Essential writing skills: editing as writing and why it’s important

One of the key things an author needs to understand about their manuscript is the point that editing is integral to the writing process. It can take just as long to edit a first draft as it does to assemble those words in the first place. Maybe longer.

Wright_Typewriter2That’s a daunting prospect, but it’s do-able. The key to it is critical evaluation and breaking the task into manageable layers – starting with the big picture and moving down to the detail. Here’s how:

  1. Get the big picture. Take your manuscript out of the metaphorical drawer. If you can, print it out so you can strew the sheets of paper on the floor. Look at it from the big-picture overview. Is the structure right? Does everything mesh together? Make notes if it doesn’t. Avoid the temptation to re-write the specific words just now.
  2. If the structure’s wrong, figure out how to adjust it and nominate the sections that need re-writing.
  3. Go back to the computer, make a copy of the file labelled ‘Draft 2’, and work on that. Make the structural adjustments and re-writes. This may well be time-consuming. Don’t worry too much about the wording – this is still first draft territory. Print it out again and review. Rinse and repeat until you’re satisfied.
  4. Now it’s time to think about the wording. Start going through the wording in detail, initially from the viewpoint of the broader purpose of your argument or content. Does the wording work? Have you conveyed the intent? Are their ambiguities? This part of the process can be done with a printout and pen-and-ink, which often highlights things you don’t see on screen. Make sure your word-length stays tight to the intended quantity – as I’ve mentioned many times before, word-length is not an end-goal, it’s a tool. For authors, it enables authors to keep the structure of their work under control; and for publishers it’s a budgeting tool, because word-length quantifies production costs.
  5. Finally, it’s time to get down to the micro-detail of the wording – the fidelity of it. This demands another read through in which you go through the material with a close focus, looking for specific wording – making sure there are no extraneous or ambiguous phrases, keeping the styling tight to what you intend.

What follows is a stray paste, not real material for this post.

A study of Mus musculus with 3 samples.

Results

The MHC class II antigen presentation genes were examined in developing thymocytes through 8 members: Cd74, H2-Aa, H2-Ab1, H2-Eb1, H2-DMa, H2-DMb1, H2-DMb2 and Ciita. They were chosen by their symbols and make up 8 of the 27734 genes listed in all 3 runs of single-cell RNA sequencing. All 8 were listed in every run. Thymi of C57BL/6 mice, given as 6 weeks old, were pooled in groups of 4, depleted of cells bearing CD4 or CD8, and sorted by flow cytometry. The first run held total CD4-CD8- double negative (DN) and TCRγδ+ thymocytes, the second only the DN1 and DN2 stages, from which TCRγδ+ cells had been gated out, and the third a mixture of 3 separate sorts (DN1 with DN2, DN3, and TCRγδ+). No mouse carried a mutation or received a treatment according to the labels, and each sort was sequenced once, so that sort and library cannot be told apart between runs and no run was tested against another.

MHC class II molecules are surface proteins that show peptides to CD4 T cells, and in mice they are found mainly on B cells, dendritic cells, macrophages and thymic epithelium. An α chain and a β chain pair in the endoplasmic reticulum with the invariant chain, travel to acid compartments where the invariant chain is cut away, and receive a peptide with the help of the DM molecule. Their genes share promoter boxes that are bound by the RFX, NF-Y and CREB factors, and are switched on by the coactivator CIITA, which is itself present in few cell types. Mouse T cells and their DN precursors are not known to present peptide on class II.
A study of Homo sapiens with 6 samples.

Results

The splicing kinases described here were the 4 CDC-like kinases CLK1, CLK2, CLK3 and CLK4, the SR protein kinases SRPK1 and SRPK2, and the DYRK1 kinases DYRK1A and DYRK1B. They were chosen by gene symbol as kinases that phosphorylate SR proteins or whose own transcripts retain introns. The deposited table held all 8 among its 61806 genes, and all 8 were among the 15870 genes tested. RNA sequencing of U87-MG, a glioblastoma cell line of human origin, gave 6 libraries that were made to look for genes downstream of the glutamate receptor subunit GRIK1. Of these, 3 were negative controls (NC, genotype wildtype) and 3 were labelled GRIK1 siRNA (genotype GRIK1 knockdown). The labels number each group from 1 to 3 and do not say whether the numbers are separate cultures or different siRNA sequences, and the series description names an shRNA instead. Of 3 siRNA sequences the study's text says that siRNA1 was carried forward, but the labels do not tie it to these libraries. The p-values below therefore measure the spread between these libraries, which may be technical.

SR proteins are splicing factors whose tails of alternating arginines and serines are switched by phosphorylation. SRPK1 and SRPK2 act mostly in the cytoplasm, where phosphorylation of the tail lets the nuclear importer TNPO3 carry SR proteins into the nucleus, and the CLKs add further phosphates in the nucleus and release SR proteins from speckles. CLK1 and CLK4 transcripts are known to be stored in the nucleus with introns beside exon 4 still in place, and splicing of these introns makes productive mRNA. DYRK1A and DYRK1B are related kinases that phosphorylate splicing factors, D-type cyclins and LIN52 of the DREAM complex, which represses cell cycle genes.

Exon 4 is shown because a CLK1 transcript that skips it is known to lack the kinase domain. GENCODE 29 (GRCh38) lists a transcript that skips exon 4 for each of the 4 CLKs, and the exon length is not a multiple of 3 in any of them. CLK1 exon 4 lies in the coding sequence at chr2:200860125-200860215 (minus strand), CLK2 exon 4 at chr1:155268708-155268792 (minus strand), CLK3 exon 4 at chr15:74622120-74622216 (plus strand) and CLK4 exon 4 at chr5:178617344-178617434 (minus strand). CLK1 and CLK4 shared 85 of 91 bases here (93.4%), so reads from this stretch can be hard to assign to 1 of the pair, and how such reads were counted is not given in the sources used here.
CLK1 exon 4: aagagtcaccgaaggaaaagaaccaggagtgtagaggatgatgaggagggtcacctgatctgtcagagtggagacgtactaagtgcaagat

6. Now stick the manuscript in a metaphorical drawer again. Leave it there for a few days before bringing it out, printing the material, and reading it carefully – word by word – on paper. Make notes or amendments in pen and ink. This change to a different medium is very important because it forces a different way of thinking and a different view on the material. You’ll be surprised what you find. Only then should you implement on the computer.
  7. If necessary, repeat the above steps until you’re satisfied.  Then – and only then – will the material be ready to submit for publication.

This process won’t necessarily work for every author – and you have to do what works for you – but the key principles are having time and space to let your thoughts breathe – to keep returning to the material with reasonably fresh eyes – and to change the medium from screen to paper as a device for improving that ‘freshness’. The steps I’ve noted here also break the task down from largest to smallest components. This is akin to hacking out the rough shape of a statue, then working on the details, and finishing off with a careful polish.

All of this is time-consuming, and all of it will involve more writing and composition. But that’s not the only part of the editorial process. Not by a long way. More soon.

Copyright ©Matthew Wright 2014


  1. To paraphrase writers who are much wiser and more famous than myself…I would have written less, but I didn’t have the time…that’s me!
    I find that much of what I chop and edit is stuff that I just keep pounding on and saying over and again in circles! On my “Corrected” read-through, I spend most of my time asking myself…hey? DId this already happen? Did I already tell this part of the story?
    Sigh…at least I’m not suffering from blank pages 🙂

    1. Writing more and chopping it back sounds like a great way to write because you’ve got the whole thing laid out before you and can see what’s what! I do the same – and, absolutely, that question, ‘didn’t I just write that half a chapter ago’ definitely pops up.

  2. Oh yes, I love this analogy, “This is akin to hacking out the rough shape of a statue, then working on the details, and finishing off with a careful polish.” In my first attempted novel I polished diligently all the way through, arriving with a finished statue that was gleaming, smooth and nice to touch. It was recognisably human, but was awkwardly posed and thanks to pantsing instead of planning, had three arms and only one leg. (In my defence, back then I’d never met another writer and the internet wasn’t around for helpful information like yours!)
    Definitely pay attention to structure first, otherwise you do a lot of fine detailed work for nothing. And there’ll always be an ugly space where you chipped away that extra limb!

    1. Absolutely true! The other thing is that writers are always apprentices – and the onus is always on writers, no matter how experienced, to keep learning new things about the craft.

  3. I’ve put my second novel in the drawer and I’m thinking about leaving it there! I worked on while I was ill and now it makes little sense–I think a two year old wrote it.
    Knowing me, I’ll take it out tomorrow and see what I can do with it.